Mert Hürtürk


An Awakening or an Escape?

2019-02-24

For the last several years or the last quarter of my life, to be honest, I've tried many ways to become more organized and productive with both my professional and personal life. From implementing many different types of productivity systems to inventing my own, the results were the same, no improvements at all. On the contrary, some of the trials resulted in less productivity which also led to significant loss of self-confidence, which led to even less productivity, which led to substantial setbacks in self-esteem, and which led to...

The Deadly Spiral of Productivity Systems

Lately, I've been thinking about the possibility of not having a productivity system, and even better, began to believe that such a system doesn't exist at all. If this was the absolute truth, that there is no suitable one for me and no way to invent my own, what would I do?

I would stop searching and just start getting things done. BOOM! Problem solved, get back to work! Right? Not so fast... I always tend to play with my brain just like a kitten plays with a wool yarn, and in this case, I have several remarks on this, of course.

Every productive person has a system for getting things done.
– Same ludicrous sentence in lots of blog posts on the subject of productivity

The Red Stone

Imagine that you have a small bowl of sand and several randomly placed colored stones in it. Your task is to find the red one. You start digging with your fingers, picking rocks one by one and putting them on the table. Since the bowl is small, it doesn't take long to pull them out all. Once you're sure that there are no stones left in the bowl, you check the table but can't see the red one. Where is it? Maybe you missed it. You dip your fingers into the sand one more time to see if any left, but no, nothing. So, in the end, you're 100% sure that there's no red stone and the search for it is complete.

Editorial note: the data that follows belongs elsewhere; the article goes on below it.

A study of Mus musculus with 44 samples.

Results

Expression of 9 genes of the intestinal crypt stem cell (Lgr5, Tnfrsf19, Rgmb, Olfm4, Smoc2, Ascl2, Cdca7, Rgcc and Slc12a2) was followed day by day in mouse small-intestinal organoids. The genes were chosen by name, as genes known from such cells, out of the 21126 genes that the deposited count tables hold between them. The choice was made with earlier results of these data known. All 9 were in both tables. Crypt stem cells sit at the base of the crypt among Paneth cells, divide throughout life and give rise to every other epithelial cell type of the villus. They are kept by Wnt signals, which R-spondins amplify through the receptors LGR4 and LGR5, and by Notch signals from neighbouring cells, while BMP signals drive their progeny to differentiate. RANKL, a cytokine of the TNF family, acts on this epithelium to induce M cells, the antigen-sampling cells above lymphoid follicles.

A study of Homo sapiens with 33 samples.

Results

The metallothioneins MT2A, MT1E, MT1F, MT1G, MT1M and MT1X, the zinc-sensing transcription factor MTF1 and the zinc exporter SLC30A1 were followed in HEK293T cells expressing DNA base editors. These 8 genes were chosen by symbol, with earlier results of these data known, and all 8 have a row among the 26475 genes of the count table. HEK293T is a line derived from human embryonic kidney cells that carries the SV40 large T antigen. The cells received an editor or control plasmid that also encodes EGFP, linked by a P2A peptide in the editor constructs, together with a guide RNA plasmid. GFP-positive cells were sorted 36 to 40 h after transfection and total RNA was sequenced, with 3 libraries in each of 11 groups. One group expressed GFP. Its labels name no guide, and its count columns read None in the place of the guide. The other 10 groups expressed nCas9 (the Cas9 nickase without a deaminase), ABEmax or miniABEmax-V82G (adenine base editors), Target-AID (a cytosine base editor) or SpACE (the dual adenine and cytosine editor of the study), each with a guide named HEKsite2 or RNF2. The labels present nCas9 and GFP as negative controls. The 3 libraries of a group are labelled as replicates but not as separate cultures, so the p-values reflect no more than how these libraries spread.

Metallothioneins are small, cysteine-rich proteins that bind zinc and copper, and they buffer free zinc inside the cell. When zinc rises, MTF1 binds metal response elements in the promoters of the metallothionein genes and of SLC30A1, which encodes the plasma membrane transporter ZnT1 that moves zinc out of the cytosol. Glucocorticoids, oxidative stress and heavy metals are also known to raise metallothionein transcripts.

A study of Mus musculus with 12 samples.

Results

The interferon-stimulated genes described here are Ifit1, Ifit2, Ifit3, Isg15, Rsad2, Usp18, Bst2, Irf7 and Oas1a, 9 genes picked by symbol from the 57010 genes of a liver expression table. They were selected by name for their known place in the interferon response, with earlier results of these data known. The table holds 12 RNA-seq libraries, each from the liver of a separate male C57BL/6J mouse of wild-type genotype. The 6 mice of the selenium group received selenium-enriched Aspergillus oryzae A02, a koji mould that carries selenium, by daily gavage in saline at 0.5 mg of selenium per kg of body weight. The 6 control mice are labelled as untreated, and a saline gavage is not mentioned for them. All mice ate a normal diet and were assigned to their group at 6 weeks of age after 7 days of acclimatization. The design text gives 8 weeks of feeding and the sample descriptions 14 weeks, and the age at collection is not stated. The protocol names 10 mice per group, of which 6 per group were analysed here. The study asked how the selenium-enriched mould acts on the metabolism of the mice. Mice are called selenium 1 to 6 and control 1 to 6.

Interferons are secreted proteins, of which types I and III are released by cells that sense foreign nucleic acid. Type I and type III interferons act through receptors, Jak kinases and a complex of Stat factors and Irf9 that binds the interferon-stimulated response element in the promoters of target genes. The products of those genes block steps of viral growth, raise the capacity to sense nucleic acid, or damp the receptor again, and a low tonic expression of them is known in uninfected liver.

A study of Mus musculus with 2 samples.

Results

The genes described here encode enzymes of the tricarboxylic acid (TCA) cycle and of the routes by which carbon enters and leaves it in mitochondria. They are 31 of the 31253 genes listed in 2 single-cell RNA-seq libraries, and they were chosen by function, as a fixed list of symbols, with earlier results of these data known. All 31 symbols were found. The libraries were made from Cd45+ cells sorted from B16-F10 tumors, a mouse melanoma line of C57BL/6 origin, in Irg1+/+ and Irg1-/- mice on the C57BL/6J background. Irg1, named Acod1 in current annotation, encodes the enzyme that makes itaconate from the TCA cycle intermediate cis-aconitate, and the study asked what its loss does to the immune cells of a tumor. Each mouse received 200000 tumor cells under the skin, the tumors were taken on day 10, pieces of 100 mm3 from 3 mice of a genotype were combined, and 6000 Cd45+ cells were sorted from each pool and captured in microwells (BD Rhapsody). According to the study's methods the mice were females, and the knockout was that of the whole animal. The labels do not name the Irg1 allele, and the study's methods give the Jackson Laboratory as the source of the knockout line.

The question is, instead of a small bowl full of sand, when would you stop, or would you even stop the search if you had to search the red stone in a beach or a desert?

Easier in Light

A drunk is on his hands and knees looking for his keys under a streetlight. A policeman approaches him and asks, “What are you doing?” The drunk replies in a slurred voice, “I'm looking for my keys.” The policeman further inquires, “Where did you drop them?” The drunk says, “Over there,” pointing to the end of the city block. The policeman scratches his head and says, “If you dropped the keys over there, why are looking for them over here?” And the drunk man replies, “Because the light is better over here.”

When we face the unknown, or things get difficult, we tend to search for solutions in our comfort zone, and not in places where real answers might lie. So the question is, how would you know that you are asking the right questions that push you out of your comfort zone for the correct answers?


With these in my mind, I ask myself:


Even though the real question is known to be unknown, the search for an answer continues.